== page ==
In one of the largest settlements of its kind, the Los Angeles City Council agreed Friday to pay $2.35 million to the Service Employees International Union over a bloody confrontation three years ago between union janitors and Los Angeles police officers.
The settlement stems from a lawsuit brought by the union and 145 janitors against the city, former Police Chief Daryl F. Gates and the Police Department over the 1990 Century City clash, one of Los Angeles’ most violent police confrontations in recent years. The suit alleges that about 60 janitors and their supporters required medical treatment and another 85 were either hit or arrested in the melee.
“We are trying to make whole a lot of people who were trying to exercise their 1st Amendment rights,” said Los Angeles Councilman Zev Yaroslavsky. “The police response was wrong. It was a plain and simple overreaction,” Yaroslavsky said.
An LAPD spokesman declined comment on the settlement.
Don Vincent, deputy city attorney and supervisor of the police litigation unit, said he believed it was in the city’s economic interest to settle the suit. “We thought we could win a lot of the cases,” he said. “But some of these cases were indefensible.”
One problem for the city, Vincent said, was a finding by the Los Angeles Police Commission that the LAPD was not justified in stopping or interfering with the janitors’ march. The city settled the suit without any admission of guilt.
“This is a very, very substantial settlement,” said the union’s attorney, Barrett S. Litt. He said that although payments to the 145 janitors would be apportioned in accordance with their injuries, the median payout would be about $10,000 after legal fees, more than most make in wages each year.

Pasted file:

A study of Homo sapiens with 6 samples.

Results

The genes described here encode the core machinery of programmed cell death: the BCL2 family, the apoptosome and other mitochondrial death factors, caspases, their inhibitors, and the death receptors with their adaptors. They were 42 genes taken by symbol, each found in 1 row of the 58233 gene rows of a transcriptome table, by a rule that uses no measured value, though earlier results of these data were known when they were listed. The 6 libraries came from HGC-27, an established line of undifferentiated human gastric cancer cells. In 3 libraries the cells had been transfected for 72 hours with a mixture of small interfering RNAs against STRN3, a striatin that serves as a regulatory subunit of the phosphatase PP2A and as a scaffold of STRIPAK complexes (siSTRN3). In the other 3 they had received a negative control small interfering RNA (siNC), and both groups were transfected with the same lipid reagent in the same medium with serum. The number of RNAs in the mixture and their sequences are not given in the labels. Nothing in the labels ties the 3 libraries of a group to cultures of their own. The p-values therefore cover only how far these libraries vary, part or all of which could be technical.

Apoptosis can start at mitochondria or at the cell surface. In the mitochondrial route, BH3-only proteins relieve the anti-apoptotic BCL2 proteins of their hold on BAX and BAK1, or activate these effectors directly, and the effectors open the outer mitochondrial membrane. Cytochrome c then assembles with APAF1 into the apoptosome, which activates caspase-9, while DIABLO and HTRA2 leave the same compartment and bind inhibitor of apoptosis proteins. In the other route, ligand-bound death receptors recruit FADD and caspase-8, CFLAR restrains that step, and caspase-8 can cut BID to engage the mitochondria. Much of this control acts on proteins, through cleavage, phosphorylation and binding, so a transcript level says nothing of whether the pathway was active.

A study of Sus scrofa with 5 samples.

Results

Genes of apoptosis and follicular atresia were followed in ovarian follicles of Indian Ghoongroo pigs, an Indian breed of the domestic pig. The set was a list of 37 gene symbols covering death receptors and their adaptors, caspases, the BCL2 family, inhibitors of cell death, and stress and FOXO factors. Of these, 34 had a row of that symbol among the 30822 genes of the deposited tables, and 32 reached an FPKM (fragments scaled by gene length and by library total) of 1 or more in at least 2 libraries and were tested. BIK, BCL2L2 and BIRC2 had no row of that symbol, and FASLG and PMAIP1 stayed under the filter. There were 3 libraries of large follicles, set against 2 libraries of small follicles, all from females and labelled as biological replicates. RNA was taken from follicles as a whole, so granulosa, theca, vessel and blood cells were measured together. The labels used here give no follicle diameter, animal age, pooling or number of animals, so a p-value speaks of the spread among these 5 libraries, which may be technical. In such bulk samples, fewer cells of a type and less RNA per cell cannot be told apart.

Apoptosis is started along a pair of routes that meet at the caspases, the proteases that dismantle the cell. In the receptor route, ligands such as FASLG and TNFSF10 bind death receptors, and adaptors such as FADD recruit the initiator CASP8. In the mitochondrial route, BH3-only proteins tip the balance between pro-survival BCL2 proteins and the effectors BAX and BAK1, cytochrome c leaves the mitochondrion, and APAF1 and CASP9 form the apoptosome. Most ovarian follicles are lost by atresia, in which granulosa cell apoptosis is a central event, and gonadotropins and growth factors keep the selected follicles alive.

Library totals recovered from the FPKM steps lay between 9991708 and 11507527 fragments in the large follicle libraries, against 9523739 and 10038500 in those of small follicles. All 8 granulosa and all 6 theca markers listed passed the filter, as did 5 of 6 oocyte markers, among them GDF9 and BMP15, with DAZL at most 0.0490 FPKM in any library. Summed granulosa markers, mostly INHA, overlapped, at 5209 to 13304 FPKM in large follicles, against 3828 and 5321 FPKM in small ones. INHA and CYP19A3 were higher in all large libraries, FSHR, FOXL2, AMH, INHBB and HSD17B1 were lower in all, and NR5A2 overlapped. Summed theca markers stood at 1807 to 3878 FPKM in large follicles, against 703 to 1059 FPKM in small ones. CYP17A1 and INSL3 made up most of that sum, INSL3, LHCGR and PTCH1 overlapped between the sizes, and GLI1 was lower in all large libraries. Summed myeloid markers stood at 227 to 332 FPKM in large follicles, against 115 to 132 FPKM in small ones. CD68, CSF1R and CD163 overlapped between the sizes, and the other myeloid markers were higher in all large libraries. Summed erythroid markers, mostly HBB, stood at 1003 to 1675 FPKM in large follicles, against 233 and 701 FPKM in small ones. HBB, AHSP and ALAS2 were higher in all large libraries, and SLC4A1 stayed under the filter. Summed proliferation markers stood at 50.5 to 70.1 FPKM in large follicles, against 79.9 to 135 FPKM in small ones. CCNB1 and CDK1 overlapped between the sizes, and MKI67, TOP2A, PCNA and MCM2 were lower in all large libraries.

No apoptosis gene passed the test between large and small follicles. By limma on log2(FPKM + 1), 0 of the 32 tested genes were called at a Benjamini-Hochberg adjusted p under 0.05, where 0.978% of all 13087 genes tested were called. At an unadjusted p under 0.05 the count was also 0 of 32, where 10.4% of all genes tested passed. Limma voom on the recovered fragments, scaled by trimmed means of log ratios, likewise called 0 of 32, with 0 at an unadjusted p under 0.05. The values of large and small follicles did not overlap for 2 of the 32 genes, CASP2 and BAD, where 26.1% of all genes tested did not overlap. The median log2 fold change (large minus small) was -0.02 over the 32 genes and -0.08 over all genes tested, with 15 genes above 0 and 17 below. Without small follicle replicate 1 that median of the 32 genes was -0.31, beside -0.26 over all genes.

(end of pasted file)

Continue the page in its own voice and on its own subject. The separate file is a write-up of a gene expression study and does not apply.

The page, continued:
The lawsuit arose after 400 members of the union’s Justice for Janitors campaign and their supporters marched from Beverly Hills to Century City on June 15, 1990, to picket buildings where the janitors had gone on strike demanding higher wages.
As the marchers approached Century City, they encountered 150 riot-equipped police officers, some of whom had formed a line blocking their path. The police became concerned over claims by a union speaker at the beginning of the march that the janitors would “not be stopped” by the police, and noted that a soda can had been hurled at a Beverly Hills police officer during the march, Vincent said.
The LAPD’s commanding officer said he believed the marchers would be a threat to people in Century City and to the buildings there. One officer gave the order for the marchers to disperse within 30 seconds, which they did not, Vincent said.
“The union was entitled to march. There was no legal basis for stopping it. They were doing nothing improper,” said Litt.
The lawsuit contends that the union had made provisions for the march with the LAPD’s labor detail and with the mayor’s office. After a brief standoff, union members locked arms and walked toward the police. The two sides disagree as to whether the union members tried to break through the police line. Litt said the announcement to disperse was in English, which most of the Latino janitors did not understand. According to Litt, police began clubbing janitors with their batons.
The city later said it believed the march constituted unlawful assembly and that the LAPD’s actions were a reasonable use of force.
The union lawsuit says among those clubbed was a young mother holding her baby. Some janitors were chased into a parking garage where they were beaten, Yaroslavsky said.
Among the plaintiffs was Ana Veliz, a janitor who was in her third month of pregnancy and suffered a miscarriage after being clubbed with a nightstick. Others suffered broken bones and internal bleeding.
About 200 jubilant janitors awaited the City Council’s unanimous vote on the steps of City Hall, banging drums, clenching their fists and singing union songs.
Joel Vasquez, one of the janitors who says he was beaten, addressed the crowd. “The people who are supposed to protect us didn’t. They beat us,” said Vasquez, who said he was clubbed four times, leaving his shoulder swollen and bruised. Vasquez, who works in a building in Century City, says he has seen his wages increase to $6.47 per hour from $4.25 since workers in his building unionized.
“It is so satisfying to feel my voice for justice has been heard,” he added.